By Constanze Jaiser

One key area in international youth work about discrimination concerns ways to address the subject of minority groups. The largest minority in Europe is made up of the many different communities of Roma and Sinti, which are grouped together (not uncontroversially) under the general heading "Roma." Their history and culture is now the subject of numerous political campaigns and educational resources, along with their experience of exclusion culminating in the murder of their families by the National Socialists in a brutal genocide, which many Roma and Sinti refer to as "Porajmos." Their exclusion in many European countries continues to this day. Several resources that are suitable for international youth work [meetings] and available online are recommended here:

An online module about human dignity and images of Roma and Sinti

First up is an online module in English concerning historical learning and human rights, commissioned by the European Union Agency for Fundamental Rights, developed by the Agency for Historical, Civic and Media Education in cooperation with the House of the Wannsee Conference. Two chapters are of particular relevance for work on discrimination then and now:
Chapter 1: Reflections on human dignity
and
Case Study 6: Images of Roma – continuities of discrimination

The first resource offers an opportunity to come to grips with the concept of human dignity and, as a group, to arrive at a positive definition and focus on European efforts and measures aimed at protecting human dignity. A timeline showing the most significant human rights developments since 1945 helps users form a concise picture of historical milestones in defense of minorities and key information on European institutions.

By contrast, the case study is concerned explicitly with the exclusion of European Roma and Sinti: Starting with the contrast between self-images and frequently (re)produced as stereotypes, the voices of Roma and Sinti themselves are heard. They report on their experiences of discrimination (past and present) and on their too often unsuccessful efforts at obtaining compensation for the injustices they suffered under National Socialism.

The entire online module is available in English. Information on its production and objectives can be found in the introduction.

A Video – "We call ourselves Roma"

Another good, concise introduction to the subject of Roma and antidiscrimination work is the video, in English, entitled "We call ourselves Roma," in which the Romanian Roma woman and human rights activist, Margareta Matache of Harvard University, provides an introduction to Europe’s largest minority.
The video is on the "Facing History Forum."
Accompanied by music, maps and well-chosen historical and contemporary photos, the video highlights various European countries, explains the origins of the Roma and Sinti peoples and provides a brief historical overview.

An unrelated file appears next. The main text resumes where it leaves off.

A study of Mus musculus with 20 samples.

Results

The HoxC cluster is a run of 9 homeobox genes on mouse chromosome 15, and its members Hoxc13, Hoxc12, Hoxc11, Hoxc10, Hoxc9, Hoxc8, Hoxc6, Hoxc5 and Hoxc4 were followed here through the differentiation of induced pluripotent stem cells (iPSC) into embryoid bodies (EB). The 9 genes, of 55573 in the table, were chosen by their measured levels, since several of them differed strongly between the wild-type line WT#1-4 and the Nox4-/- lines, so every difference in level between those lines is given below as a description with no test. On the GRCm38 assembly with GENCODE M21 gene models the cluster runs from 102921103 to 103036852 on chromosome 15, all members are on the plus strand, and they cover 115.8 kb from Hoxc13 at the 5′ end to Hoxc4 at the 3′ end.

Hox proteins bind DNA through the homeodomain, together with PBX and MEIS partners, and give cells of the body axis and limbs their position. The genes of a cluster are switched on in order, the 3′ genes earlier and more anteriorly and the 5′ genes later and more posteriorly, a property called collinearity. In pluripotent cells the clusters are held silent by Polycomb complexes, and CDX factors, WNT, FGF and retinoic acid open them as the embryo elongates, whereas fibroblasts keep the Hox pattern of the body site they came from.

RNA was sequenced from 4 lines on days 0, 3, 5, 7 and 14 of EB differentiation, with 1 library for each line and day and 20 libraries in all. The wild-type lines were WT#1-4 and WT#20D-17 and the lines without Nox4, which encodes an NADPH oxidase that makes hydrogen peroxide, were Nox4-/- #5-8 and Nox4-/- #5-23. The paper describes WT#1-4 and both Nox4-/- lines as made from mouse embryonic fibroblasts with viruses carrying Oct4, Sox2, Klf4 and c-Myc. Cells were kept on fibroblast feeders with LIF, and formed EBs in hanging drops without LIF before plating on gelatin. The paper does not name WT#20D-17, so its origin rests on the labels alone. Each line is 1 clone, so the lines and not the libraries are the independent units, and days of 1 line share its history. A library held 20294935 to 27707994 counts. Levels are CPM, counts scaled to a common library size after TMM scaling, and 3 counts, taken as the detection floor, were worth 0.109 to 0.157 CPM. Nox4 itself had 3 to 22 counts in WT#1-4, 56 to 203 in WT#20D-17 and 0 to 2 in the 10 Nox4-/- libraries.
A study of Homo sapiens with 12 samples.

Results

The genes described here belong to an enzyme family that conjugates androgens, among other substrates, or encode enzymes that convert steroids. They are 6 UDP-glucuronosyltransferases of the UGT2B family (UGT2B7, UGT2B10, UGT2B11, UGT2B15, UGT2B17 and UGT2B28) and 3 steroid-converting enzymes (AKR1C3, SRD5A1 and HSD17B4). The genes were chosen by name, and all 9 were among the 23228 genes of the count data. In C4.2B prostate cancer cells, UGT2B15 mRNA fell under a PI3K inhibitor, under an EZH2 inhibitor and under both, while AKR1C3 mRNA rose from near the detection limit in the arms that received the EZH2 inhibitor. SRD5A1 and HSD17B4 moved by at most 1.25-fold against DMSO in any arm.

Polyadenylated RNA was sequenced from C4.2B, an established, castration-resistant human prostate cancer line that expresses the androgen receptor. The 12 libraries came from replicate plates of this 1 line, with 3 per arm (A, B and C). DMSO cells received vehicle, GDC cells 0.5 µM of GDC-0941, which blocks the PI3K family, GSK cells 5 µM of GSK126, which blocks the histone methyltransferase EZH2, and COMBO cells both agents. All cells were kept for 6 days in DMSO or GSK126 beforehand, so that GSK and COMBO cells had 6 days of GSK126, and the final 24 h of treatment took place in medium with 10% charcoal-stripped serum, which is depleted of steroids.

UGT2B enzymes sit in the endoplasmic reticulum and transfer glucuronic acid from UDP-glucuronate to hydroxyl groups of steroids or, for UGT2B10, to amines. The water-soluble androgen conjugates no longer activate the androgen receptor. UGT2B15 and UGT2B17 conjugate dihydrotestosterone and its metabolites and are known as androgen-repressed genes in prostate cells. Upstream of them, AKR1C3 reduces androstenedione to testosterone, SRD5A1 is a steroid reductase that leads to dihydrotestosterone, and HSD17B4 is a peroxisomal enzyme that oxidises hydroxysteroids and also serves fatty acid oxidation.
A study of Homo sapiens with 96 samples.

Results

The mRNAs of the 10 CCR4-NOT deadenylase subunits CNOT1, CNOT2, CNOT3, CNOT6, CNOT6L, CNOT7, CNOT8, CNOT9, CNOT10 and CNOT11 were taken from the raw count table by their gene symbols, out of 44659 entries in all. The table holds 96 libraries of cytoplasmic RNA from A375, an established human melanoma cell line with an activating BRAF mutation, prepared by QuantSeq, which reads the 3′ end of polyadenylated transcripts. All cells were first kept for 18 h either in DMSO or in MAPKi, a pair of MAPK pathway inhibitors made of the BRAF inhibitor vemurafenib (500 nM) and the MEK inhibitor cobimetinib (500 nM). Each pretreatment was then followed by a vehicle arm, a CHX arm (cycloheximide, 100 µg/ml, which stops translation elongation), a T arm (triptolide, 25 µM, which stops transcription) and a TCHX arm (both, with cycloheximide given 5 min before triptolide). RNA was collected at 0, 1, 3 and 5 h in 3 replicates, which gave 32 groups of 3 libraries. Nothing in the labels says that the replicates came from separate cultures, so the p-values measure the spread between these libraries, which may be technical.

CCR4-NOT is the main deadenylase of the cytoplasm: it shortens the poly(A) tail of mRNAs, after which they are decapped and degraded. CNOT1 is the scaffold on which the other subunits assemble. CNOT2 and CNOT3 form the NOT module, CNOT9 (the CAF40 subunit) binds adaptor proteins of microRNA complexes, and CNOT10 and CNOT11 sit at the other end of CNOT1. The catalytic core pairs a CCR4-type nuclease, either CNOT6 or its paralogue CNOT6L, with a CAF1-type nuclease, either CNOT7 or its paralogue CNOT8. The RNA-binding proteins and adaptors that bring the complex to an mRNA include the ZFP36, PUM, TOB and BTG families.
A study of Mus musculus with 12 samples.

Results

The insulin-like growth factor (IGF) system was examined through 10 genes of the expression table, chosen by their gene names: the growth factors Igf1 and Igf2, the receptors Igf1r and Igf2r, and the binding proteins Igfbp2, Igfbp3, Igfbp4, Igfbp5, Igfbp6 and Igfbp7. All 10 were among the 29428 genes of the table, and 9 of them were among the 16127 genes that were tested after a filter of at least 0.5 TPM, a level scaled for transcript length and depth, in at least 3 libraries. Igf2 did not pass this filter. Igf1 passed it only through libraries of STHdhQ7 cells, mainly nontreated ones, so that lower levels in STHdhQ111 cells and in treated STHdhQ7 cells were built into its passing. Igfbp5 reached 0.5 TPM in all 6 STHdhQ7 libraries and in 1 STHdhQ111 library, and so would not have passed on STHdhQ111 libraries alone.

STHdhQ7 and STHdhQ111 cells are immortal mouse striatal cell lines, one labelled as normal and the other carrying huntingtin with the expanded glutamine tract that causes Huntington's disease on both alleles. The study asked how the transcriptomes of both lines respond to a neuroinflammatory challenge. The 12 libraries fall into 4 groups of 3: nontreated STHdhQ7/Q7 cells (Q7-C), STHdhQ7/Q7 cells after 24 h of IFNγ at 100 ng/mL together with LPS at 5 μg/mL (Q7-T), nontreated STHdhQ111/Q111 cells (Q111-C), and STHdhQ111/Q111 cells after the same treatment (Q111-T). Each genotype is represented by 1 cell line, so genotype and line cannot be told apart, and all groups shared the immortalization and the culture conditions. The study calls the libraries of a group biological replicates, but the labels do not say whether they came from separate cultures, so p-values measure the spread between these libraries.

The "Dosta" toolkit

One useful, English language resource is the "Dosta" toolkit, published by the Council of Europe, Roma and Travellers Division.
"Dosta" is a Romani word meaning "enough," and the toolkit is intended to familiarize non-Roma people with Roma culture.
The second chapter in particular, "Is this a stereotype? A tool for fighting stereotypes towards Roma" (pp. 19-33), clearly explains 16 common stereotypes that could form the basis of discussions when working with young adults. Another section deals with ways to prepare and carry out an antidiscrimination campaign; numerous useful tips are listed, from a planning checklist to producing a video, to public relations work.

A case study on Roma migrants: A simulation game for use in youth and adult education

This game provides insight into the issues of Roma migrants. The scenario is set in a fictitious German town. In the absence of proper accommodation, a group of Roma (EU citizens) chooses a public park as their temporary residence during the summer. This situation leads to controversy among the local residents, shopkeepers, the police, the city administration and other stakeholders. The game simulates a roundtable discussion with seven different interest groups.

Objective

The aim of the game is to reach a consensus among all the parties involved. The agreement should include concrete steps and measures.
The material consists of prepared role cards and possible action cards; the latter can be used to impact the course of the discussion. Also included is background information on freedom of movement for EU citizens and the situation for Roma, as well as information on human and fundamental rights relevant to the situation.
Lastly, there are educational guidelines and a timeline to help facilitate the roundtable. The suggested game duration is four hours maximum.
The simulation game was developed by Humanity in Action in cooperation with planpolitik and funded by the foundation "Remembrance, Responsibility and Future" [EVZ] and the [German] Foreign Office. It was inspired by a real-life event and is available in English.

From personal experience I can certainly say that this method is an entirely worthwhile enterprise. In spite of the seriousness of the subject, a simulation game such as this always contains an element of fun and the opportunity to get to know other players and discover hidden talents. Last but not least, the change of perspective and options for action afforded by the role cards lead to a critical reflection of one’s own position and to personal empowerment, which could even encourage someone to start up their own campaign.